Hannah Sislo, senior, Haley Berger, senior, Kimberley Brunette, senior, and Carly Gillis, senior, admire Bruiser, played real dog, Gizmo Steele, in West De Pere's production of 'Legally Blonde: The Musical'.
Featuring student talent and two live dogs, West De Pere High School is bringing "Legally Blonde: The Musical" to its stage Feb. 21-23.
The story centers around Elle (played by senior Haley Berger), a bubbly blonde who gets dumped by her boyfriend who's going to Harvard Law School and wants someone more mature. When she applies and gets in, she finds she's capable of a lot more on her own.
Tickets are available for $7 in the High School office (7:30am - 3:30pm) or at the door . It's $5 for Facebook fans and Twitter followers of "WDPHS Theatre" and free to WDPHS students with ID. Each performance is at 7:30 p.m. and the doors open at 7 at West De Pere High School.
Allouez around the world
Comprised of Northeast Wisconsin musicians, the Allouez Village Band's concert Monday at the Meyer Theater will take audiences abroad with "Eclectic: Music from Around the World," which features pieces from Spain, Argentina, Scotland, Israel, Russia, the Balkans, Brazil, India, Africa and America.
The band plays the third Monday of each month at the Meyer, 117 S. Washington St., Green Bay. The concerts are always free of charge.
Pulaski roars with the '20s in "Thoroughly Modern Millie"
Senior Karlye Whitt takes on the title character in this story about a Kansas girl who moves to New York and exemplifies the flapper lifestyle. As she tries to marry her rich boss, she instead finds romance, friends and almost gets caught up in a white slavery ring.
She meets paper clip salesman Jimmy, played by junior Hunter Vannieuwenhoven, and the two start to fall in love while uncovering a kidnapping conspiracy.
The show continues its two-weekend run at 7 p.m. Feb. 23 and at 2 p.m. Feb. 24. Tickets are $6 and are available in the Pulaski High School office or by calling (920) 822-6700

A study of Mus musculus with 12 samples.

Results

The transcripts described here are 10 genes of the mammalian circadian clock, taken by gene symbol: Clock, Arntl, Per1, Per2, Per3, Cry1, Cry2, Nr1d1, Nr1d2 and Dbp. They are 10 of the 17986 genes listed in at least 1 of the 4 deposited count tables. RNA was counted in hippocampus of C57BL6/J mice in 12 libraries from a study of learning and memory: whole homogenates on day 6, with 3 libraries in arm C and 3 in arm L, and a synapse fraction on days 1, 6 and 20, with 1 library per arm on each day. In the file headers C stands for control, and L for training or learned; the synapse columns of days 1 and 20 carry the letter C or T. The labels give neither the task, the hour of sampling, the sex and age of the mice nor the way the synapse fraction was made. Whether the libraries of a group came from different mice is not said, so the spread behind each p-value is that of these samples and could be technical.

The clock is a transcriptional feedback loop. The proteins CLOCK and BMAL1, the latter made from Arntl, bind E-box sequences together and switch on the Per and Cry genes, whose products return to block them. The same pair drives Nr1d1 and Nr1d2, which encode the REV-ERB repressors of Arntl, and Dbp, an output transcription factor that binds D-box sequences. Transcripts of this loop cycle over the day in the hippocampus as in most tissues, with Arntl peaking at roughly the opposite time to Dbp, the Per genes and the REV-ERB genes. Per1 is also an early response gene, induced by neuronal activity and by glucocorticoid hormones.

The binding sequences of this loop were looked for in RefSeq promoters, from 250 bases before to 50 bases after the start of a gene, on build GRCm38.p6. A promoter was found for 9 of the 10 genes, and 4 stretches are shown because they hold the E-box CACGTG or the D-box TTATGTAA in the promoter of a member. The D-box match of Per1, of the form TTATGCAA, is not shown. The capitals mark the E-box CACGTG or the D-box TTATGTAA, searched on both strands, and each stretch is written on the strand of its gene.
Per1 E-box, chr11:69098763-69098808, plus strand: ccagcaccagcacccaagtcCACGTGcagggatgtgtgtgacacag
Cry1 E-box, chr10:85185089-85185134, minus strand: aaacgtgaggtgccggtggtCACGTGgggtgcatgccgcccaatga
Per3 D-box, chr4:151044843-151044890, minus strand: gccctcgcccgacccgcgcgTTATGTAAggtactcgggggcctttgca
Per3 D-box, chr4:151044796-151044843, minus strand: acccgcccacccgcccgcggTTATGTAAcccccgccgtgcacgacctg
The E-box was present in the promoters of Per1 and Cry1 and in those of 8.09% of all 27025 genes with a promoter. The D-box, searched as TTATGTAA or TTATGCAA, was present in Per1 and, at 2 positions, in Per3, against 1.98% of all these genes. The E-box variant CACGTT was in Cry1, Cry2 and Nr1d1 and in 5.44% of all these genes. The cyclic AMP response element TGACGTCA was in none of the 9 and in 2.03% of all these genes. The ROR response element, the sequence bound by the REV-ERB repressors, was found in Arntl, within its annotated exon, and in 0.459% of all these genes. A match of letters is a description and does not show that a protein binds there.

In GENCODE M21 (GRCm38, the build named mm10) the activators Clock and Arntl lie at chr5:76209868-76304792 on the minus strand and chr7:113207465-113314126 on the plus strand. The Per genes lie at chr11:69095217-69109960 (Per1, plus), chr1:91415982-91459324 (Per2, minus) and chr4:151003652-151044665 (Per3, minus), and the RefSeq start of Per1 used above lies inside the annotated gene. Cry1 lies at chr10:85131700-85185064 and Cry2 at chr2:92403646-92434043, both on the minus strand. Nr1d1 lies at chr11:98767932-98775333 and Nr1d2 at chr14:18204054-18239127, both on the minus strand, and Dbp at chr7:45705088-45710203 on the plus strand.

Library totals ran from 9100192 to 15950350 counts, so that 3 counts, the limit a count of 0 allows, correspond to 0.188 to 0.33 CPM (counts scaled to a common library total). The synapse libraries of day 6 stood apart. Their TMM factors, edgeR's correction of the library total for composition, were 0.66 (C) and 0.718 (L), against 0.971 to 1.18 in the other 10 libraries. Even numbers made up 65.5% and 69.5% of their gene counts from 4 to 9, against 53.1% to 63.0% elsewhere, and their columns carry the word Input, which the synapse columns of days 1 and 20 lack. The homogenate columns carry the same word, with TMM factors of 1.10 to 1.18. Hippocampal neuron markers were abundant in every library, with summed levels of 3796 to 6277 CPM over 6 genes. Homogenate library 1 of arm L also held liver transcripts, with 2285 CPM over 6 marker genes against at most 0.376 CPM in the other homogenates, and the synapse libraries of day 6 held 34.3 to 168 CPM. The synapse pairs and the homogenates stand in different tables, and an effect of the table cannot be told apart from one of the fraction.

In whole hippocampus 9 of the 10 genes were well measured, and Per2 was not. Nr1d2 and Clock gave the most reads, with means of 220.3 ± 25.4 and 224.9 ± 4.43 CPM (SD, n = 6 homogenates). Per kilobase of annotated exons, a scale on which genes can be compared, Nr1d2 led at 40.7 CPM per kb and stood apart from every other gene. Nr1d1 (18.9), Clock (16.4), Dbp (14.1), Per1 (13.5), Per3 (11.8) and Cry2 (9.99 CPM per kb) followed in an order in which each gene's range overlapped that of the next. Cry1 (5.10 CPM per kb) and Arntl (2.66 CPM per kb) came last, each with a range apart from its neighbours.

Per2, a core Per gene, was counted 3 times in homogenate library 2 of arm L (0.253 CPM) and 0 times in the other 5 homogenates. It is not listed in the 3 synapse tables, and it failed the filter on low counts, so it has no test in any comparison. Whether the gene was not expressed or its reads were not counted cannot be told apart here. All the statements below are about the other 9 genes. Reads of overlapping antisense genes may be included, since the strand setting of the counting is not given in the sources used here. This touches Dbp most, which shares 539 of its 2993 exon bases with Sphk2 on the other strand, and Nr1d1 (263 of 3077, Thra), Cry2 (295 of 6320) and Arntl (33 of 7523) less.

The Meyer breaks out the organ
The Mighty Wurlitzer organ was a centerpiece of the original Fox Theatre, now the Meyer Theatre, when it opened on Valentine's Day in 1930. It was custom-built for the Fox to be used for silent films, vaudeville shows, amateur nights, and intermission sing-alongs.
After moving around the state and extensive restoration, the organ's back and mighty again.
On Feb. 25, organist Tom McNeely and vocalist Carol Jegen will perform with the organ at the Meyer before Frank Rippl takes over to accompany the Buster Keaton silent film, "Cops."
The show is free and open to the public and starts at 7 p.m.
Symphony leads off with overture collection
Amid their 99th season, the Green Bay Symphony Orchestra and Director Donato Cabrera explore an array of overtures including Beethoven, Tchaikovsky, Brahms and a new overture by composer Mark Grey called "Leviathan" for a show titled, "Overture!" March 9 at the Weidner Center.
Cabrera said the goal of the interactive concert is to go through what it takes to be an overture, thus he will explain the piece and the GBSO will play demos to illustrate common characteristics of overtures.
Tickets for the 7:30 p.m. show are $13-$44 for adults, $10 for youth, and $5 off for seniors.